Jacob Shames
Chandler Reeck averaged 6.5 points, 4.0 rebounds, 4.0 assists and 2.0 steals per game his senior season at Edina H.S.

Some of the 100 or so recruiting emails that Dan Weisse gets every week catch his eye more than others. A local player, for example — the Minnesota Crookston men’s basketball coach wants Minnesota players. If Weisse can tell the kid is emailing him specifically, rather than sending the same plea to every program in shouting distance, he’ll be sure to take a closer look. Maybe he can glean some of his values and makeup from the body of text. And if he likes the film he sees, too, he might just give him a call.

In late February or early March, an email from one Chandler Reeck arrived in Weisse’s inbox. The email didn’t describe some Mr. Basketball, some seven-foot athletic freak. It was a 6-foot-1 guard from Edina with shoulder problems who averaged 6.5 points per game his senior season.

Reeck was just being honest. Yes, the previous summer he had been unable to lift his left arm above his head; had needed his dad’s help to shower and brush his teeth. But Weisse saw beyond that. He saw what Reeck wanted him to see — a determined kid, knowledgeable about the program, just looking for an opportunity.

“That’s when the phone calls started to take place,” Weisse recalled. “ … We talked about his parents, brothers and sisters. Talked about what his goals are as a basketball player. Some guys (have) the attitude of, whatever you need me to do for the team to win is what I’m gonna do. And that’s the attitude that he has.”

That’s the short version of how Chandler Reeck became a Golden Eagle.

There’s a longer version, that gets going before Reeck’s junior year at Edina. During a summer game, he swooped in for a loose ball, overextending his arm in the process. His shoulder popped out. He didn’t think it was that big a deal until a week later, when at a different camp, it popped out twice in the same day.

It was a torn labrum, but it was too soon before the season to do much about, other than therapy and a shoulder brace. Reeck got minutes, but his coaches were wary about giving him too many, considering he was barely able to use his left arm anyway.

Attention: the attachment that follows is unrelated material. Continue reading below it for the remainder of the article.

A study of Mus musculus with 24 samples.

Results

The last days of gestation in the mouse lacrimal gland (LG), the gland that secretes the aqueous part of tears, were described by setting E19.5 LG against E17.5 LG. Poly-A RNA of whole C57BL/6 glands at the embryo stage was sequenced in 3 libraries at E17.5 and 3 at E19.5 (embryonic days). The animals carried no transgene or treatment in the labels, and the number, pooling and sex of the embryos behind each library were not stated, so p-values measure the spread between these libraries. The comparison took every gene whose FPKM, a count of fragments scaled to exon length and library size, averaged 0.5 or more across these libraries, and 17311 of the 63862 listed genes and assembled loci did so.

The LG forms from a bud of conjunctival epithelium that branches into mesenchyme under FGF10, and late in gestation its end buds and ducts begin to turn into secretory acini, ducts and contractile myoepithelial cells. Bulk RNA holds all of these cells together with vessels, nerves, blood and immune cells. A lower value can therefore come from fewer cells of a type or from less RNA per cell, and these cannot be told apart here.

“I’m still not able to sleep on my left side,” he says. “You really do need your left arm. It’s kind of crazy when you don’t have it, the things that you’re limited to do.”

The idea was for Reeck to be fully healthy by the time his senior year started. That meant two surgeries right after his junior season ended. Two months of sleeping in a recliner so as not to damage his shoulder further, six months of daily therapy throughout the summer. But it meant that his goal of playing college basketball, previously on the back burner, was still alive.

“Once my shoulder started acting up, I really started focusing more on school and not as much on sports,” he said. “But then, once I realized that even with my shoulder I was still performing pretty well and doing as much as I can, I was like, this could be a thing.”

With only one arm, he had figured out how to compensate for his limitations: his game, at one point bordering on reckless, was more subtle now. Always a strong defender, he didn’t lash out on defense as much, instead playing back and waiting for an opponent’s mistake.

By his senior season, Reeck was, indeed, a full go. Schools like St. John’s and St. Thomas knew that, and started reaching out.

But Reeck knew that if he wanted to play collegiately, he had to reach out back.

“I’m a pretty outgoing person,” he says. “I make connections with people easily, I wasn’t shy about the whole recruiting thing. In school, I’d always be a good presenter and stuff like that, so I always wanted to put myself out there. I just used my personality to help with the recruiting stuff. … You wanna get recruited, you can’t just wait for them to recruit you.”

Here’s what Reeck was able to sell: he had overcome a debilitating injury and a lost season and was still competing in Class 4A ball in the Twin Cities. He was guarding the other team’s best player night in and night out and doing a little bit of everything else. He was averaging four rebounds, four assists and two steals per game. What coach doesn’t love that kind of hustle?

“He has been set back, but he hasn’t used that as an excuse,” Weisse said. “He’s a team-first guy. He’s a Steady Eddie. He’s gonna compete, and if the other guy takes it easy or has that little lull, he’s gonna make that guy pay for that. We need those guys that are gonna press the envelope every day in practice.”

Weisse says that Reeck’s freshman year will be particularly crucial. The Golden Eagles are guard and newcomer-heavy. When Reeck committed in April, it gave them 12 newcomers, and somewhere in the area of 10 players who can play at either the ‘1’ or ‘2’. Reeck is fully in that mix, but there’s work to do yet.

“I’m really looking forward to getting in the weight room and getting bigger,” Reeck says. “ … I’m really trying to be a true point guard, distributing the ball, getting out and running. Right now, I’m actually focusing on my jump shot the most. I’m a streaky 3-point shooter, but I wanna become more consistent.”

But the fact that Reeck is here at all, after all he’s been through already, leads to this conclusion: if he thinks he can do all that, who’s to bet against him?

“Guys like him tend to just find a way to get things done,” Weisse said. “He’s gotta stay injury-free, but with his attitude and how he goes about things, he’s gonna add to this team. If he can just learn how to play at this level with that type of attitude, he’ll have a chance to play.”

The Times welcomes your feedback. You can send any comments or questions to our office at (218) 281-2730, Jacob Shames (405) 496-0168 or by email at jshames@crookstontimes.com.